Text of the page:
Name: Ruiz, Henry H.
Year you started at ISMMS: 2014
Lab: Christoph Buettner
Lab Mailing Address:
One Gustave L Levy Place, Box 1234
New York, NY 10029
My primary research interest is to study the role of central nervous system (CNS) signaling on regulating immunity and endocrine homeostasis. Specifically, I am interested in studying the contribution of the autonomic nervous system (ANS) to the chronic low-grade white adipose tissue (WAT) inflammation observed in obesity and diabetes. Since my graduate training focused on the neuroscience of neuropsychological and autoimmune disorders, for my postdoctoral work I sought to develop an expertise in endocrinology. To this end, I joined Christoph Buettner’s laboratory where I have learned techniques that allowed me to study the link between obesity/diabetes and Alzheimer’s disease (AD). This work resulted in a manuscript that is currently under review for publication in the journal of Alzheimer’s and Dementia.
Using the Cre-Lox Recombination technique, I am actively engaged in the development of a mouse model of inducible genetic sympathectomy that is peripherally restricted. When complete, these mice would allow us to determine the contribution of the sympathetic nervous system to carbohydrate and lipid metabolism and immunity. Furthermore, in collaboration with Dirik Homann and using bone marrow transplant techniques, the role of the sympathetic nervous system (SNS) on obesity/diabetes-induced inflammation as well as other models can be addressed.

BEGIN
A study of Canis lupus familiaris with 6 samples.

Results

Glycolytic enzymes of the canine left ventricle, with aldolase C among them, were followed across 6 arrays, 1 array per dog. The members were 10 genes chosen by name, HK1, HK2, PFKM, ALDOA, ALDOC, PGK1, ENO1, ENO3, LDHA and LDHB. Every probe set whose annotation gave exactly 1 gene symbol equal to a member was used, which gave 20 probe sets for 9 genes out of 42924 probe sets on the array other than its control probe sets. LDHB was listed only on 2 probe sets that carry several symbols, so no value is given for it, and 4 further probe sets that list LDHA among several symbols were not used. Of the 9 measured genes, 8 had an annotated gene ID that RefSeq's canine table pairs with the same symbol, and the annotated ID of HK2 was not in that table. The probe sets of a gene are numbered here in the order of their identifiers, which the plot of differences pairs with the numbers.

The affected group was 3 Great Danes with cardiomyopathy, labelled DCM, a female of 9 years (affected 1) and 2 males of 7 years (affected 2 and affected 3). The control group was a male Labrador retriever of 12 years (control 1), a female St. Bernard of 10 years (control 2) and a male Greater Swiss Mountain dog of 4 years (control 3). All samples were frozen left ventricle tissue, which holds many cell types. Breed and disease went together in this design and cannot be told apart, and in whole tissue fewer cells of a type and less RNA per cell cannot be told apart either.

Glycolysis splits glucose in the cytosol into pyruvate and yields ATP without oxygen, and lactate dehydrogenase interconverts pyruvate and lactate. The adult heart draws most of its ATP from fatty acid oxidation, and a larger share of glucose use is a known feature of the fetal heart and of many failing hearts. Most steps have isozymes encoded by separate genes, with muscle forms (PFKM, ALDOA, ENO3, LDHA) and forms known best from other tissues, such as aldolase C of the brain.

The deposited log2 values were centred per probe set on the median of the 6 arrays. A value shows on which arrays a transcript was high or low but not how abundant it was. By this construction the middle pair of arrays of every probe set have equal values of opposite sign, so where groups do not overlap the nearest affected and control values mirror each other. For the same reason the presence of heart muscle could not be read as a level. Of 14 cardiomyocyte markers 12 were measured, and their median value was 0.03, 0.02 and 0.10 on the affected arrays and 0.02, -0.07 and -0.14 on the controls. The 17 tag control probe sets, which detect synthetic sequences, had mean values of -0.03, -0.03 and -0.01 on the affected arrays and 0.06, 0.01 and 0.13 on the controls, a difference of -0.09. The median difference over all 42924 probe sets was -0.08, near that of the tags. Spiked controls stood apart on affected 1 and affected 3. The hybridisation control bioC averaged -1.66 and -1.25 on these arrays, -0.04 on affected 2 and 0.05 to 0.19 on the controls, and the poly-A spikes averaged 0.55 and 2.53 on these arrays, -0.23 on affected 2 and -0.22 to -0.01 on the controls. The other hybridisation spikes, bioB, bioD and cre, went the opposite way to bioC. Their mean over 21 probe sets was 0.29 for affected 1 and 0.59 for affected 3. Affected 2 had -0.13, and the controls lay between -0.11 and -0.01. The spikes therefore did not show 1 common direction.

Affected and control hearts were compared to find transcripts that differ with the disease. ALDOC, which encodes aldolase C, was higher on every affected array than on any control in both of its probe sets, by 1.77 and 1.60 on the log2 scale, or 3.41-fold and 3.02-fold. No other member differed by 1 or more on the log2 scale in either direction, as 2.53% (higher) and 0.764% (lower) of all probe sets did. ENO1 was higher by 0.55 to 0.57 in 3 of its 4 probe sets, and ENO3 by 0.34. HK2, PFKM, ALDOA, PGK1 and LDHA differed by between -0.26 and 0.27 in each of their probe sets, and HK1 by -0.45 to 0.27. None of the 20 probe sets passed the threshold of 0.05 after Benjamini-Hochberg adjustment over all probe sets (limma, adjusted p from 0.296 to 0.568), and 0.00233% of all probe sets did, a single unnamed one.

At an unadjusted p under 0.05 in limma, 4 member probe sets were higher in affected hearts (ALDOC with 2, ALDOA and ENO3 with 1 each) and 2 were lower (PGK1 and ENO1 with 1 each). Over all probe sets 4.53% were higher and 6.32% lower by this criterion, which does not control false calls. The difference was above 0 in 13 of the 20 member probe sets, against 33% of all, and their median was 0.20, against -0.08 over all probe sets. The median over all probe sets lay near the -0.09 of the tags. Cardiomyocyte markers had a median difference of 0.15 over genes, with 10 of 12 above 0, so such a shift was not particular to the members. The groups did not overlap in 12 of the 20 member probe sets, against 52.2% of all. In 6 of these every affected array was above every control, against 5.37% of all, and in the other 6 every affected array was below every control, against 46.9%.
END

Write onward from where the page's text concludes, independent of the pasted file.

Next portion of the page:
In addition, I am currently studying the role of alcohol binge-induced unrestrained lipolysis on hepatic steatosis. To assess this, we are using mice genetically altered to selectively knock out (KO) adipose triglyceride lipase (ATGL) in WAT, an enzyme necessary for lipolysis, thereby rendering these mice unable to undergo lipolysis from WAT. We have found that ATGL KO mice are protected from alcohol binge-induced hepatic steatosis. This finding suggests that excess fatty acid flux from WAT to the liver as a result of unrestrained lipolysis may be an important contributor to fatty liver and further suggests lipolysis inhibition as a potential therapeutic target to for the treatment of fatty liver. A manuscript regarding these findings is currently being drafted for publication submission.
Moving forward, I expect to learn and perform experiment using the euglycemic clamp technique (and its variations), which is a main area of Dr. Buettner’s expertise as this will allow me to examine the effect of different brain manipulations on endocrine homeostasis and inflammation.